Indian-origin physicist Arati Prabhakar is expected to be named as the scientific adviser to United States President Joe Biden this week. Biden is also expected to nominate Prabhakar as the director of the White House Office of Science and Technology (OSTP).
Prabhakar will succeed Eric Lander, who resigned as the Science Advisor to the President on February 7, 2022, after admitting to bullying his staff, according to an article published by peer-reviewed academic journal Science.
Prabhakar will need senate confirmation to become OSTP director, a process which could take months. However, she can immediately take the post of the President's science adviser. Her responsibilities as the science adviser include addressing problematic science policy issues, such as how best to position the US to compete with China. She will also have to implement workable rules for protecting US-funded academic research from theft, and reduce inequality in the research community.
Who Is Arati Prabhakar?
In 1993, Prabhakar was a 34-year-old applied physicist. She was selected by the then-President Bill Clinton to lead the National Institute of Standards and Technology (NIST). Two decades after being named to lead the NIST, former President Barack Obama chose Prabhakar to lead the Defense Advanced Research Projects Agency (DARPA).
When the Senate confirms Prabhakar as the director of the OSTP, she will become the first woman and first person of colour to lead OSTP. She is also set to become the first woman and first person of colour to serve as science adviser.
Prabhakar was born in India and raised in Texas. After earning her PhD from the California Institute of Technology in 1984, she went to work for the federal government.
In 1997, Prabhakar moved to the West Coast of the US, where she spent more than a decade as a venture capitalist in Silicon Valley. The physicist spent seven years as a program manager at DARPA. In 2012, Prabhakar became the second woman to lead DARPA serving a five-year stint.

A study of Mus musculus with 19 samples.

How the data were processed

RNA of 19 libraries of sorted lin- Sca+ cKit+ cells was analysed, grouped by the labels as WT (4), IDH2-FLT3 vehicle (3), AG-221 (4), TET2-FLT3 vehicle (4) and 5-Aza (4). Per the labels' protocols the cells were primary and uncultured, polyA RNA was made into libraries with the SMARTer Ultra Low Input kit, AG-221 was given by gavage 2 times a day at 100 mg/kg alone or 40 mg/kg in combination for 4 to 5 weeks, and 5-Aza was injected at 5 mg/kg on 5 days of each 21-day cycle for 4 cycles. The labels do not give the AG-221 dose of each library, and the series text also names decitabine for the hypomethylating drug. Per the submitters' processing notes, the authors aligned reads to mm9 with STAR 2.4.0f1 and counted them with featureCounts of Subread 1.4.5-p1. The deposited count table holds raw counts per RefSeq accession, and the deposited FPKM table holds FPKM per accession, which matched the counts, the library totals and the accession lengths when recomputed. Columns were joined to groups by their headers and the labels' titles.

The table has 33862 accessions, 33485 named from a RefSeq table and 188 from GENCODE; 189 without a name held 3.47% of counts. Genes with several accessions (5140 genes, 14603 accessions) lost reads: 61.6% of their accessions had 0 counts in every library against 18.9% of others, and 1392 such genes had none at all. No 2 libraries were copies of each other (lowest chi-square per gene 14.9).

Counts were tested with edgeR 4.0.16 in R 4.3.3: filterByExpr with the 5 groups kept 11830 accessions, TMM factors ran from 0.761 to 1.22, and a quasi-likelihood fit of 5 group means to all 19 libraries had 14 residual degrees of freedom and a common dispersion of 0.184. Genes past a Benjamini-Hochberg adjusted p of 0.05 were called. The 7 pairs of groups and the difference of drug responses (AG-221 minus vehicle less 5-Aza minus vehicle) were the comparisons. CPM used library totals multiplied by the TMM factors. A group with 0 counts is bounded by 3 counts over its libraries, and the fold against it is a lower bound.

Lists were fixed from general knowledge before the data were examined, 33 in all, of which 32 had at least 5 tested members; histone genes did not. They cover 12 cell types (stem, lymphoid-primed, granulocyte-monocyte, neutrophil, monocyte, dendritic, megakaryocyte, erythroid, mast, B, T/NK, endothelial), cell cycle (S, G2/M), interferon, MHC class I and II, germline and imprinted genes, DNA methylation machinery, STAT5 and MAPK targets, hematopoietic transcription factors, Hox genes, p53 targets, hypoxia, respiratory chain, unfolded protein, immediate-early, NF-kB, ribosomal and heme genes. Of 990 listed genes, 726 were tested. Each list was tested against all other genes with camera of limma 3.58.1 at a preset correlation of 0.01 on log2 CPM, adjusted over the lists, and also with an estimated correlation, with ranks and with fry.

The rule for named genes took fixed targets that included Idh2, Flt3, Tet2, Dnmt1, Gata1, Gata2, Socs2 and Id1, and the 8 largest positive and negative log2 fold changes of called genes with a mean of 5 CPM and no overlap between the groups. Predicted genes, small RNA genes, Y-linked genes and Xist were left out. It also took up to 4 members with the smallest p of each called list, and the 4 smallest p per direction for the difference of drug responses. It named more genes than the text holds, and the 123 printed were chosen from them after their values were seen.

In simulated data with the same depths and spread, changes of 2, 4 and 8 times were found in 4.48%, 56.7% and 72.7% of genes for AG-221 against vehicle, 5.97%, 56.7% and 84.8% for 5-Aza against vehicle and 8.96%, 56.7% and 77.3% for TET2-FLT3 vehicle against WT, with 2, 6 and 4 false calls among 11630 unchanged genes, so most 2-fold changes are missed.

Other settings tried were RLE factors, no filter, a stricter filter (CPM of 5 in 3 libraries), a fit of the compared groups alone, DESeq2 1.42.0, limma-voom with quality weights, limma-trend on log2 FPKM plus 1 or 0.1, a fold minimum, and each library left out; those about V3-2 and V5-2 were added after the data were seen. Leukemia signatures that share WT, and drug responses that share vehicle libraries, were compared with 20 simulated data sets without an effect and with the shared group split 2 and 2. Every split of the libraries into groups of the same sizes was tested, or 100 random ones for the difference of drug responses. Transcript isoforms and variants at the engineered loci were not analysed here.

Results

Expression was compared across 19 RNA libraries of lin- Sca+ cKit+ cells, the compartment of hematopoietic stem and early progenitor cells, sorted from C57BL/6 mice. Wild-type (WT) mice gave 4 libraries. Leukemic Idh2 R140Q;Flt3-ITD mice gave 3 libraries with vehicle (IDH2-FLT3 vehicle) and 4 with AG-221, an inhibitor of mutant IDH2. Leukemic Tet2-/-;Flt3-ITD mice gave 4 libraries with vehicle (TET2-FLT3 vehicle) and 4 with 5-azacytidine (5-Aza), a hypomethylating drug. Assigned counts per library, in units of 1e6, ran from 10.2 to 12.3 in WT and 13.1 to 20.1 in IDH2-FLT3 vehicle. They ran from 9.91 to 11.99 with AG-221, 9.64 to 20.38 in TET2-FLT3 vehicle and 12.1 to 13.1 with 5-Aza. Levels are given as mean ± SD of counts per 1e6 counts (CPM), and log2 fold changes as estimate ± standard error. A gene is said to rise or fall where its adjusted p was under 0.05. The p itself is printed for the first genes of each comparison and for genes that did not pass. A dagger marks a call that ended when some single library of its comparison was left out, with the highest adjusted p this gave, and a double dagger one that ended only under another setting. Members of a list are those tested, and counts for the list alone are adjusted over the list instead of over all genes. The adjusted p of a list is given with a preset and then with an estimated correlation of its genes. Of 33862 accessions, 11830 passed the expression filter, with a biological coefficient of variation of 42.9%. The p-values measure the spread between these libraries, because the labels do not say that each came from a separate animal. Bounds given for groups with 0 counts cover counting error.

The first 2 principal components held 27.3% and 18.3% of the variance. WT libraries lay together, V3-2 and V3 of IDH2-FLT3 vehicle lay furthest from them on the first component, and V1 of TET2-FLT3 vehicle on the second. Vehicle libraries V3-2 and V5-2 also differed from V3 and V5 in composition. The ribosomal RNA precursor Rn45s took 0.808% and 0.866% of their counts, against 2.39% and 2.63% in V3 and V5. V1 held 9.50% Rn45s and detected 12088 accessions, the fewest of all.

In 2019, Prabhakar founded Actuate, a non-profit organisation that works with private philanthropy to conduct activities she calls "solutions R&D" in different areas, ranging from sustainable energy and public health to the ethical use of technology.
Then, she went on to become the first woman to lead NIST.
According to people who know Prabhakar, her experience in Washington, DC, and technical knowledge will help her manage the job of science adviser to the President and director of the OSTP, the article said.
Quoting John Holdren, who led OSTP for 8 years and served as Obama's science adviser, the article said he has found Arati to be very smart, very principled, and with excellent leadership qualities. He added that would make an excellent OSTP director and science adviser to the President.
Washington, DC, lobbyist Bart Gordon said Prabhakar's reputation as a team player is an asset as well.
What Is The Science Adviser Expected To Do?
The main job of the science adviser is to help carry out the US President's agenda for science. Biden had described his agenda for science in a letter dated January 15, 2021.
The letter described a five-point plan, in which Biden asked Lander to apply lessons from the pandemic to improve public health, enlist research to combat climate change, ensure that the country remains a global leader in emerging high-tech fields such as artificial intelligence and quantum information science, reduce inequality within the research community, and turn federally funded basic research into well-paying jobs and new products, the article said.
William Bonvillian, a former Senate science staffer and federal relations director for the Massachusetts Institute of Technology, said that Prabhakar's technology background will be an asset, according to the article. He added that she understands the "role of technology in the defense sector and how to manage competition with China, and she's worked with the private sector on high-tech startups."
According to the Science article, Prabhakar's intimate knowledge of DARPA should help the Biden administratio further stand up the new Advanced Research Projects Agency for Health (ARPA-H) and the new technology directorate at the National Science Foundation (NSF).
Both ARPA-H and the NSF technology directorate are expected to mimic DARPA's risk-taking culture.
Since this is a mid-term appointment, Prabhakar will probably not spend much time crafting new initiatives.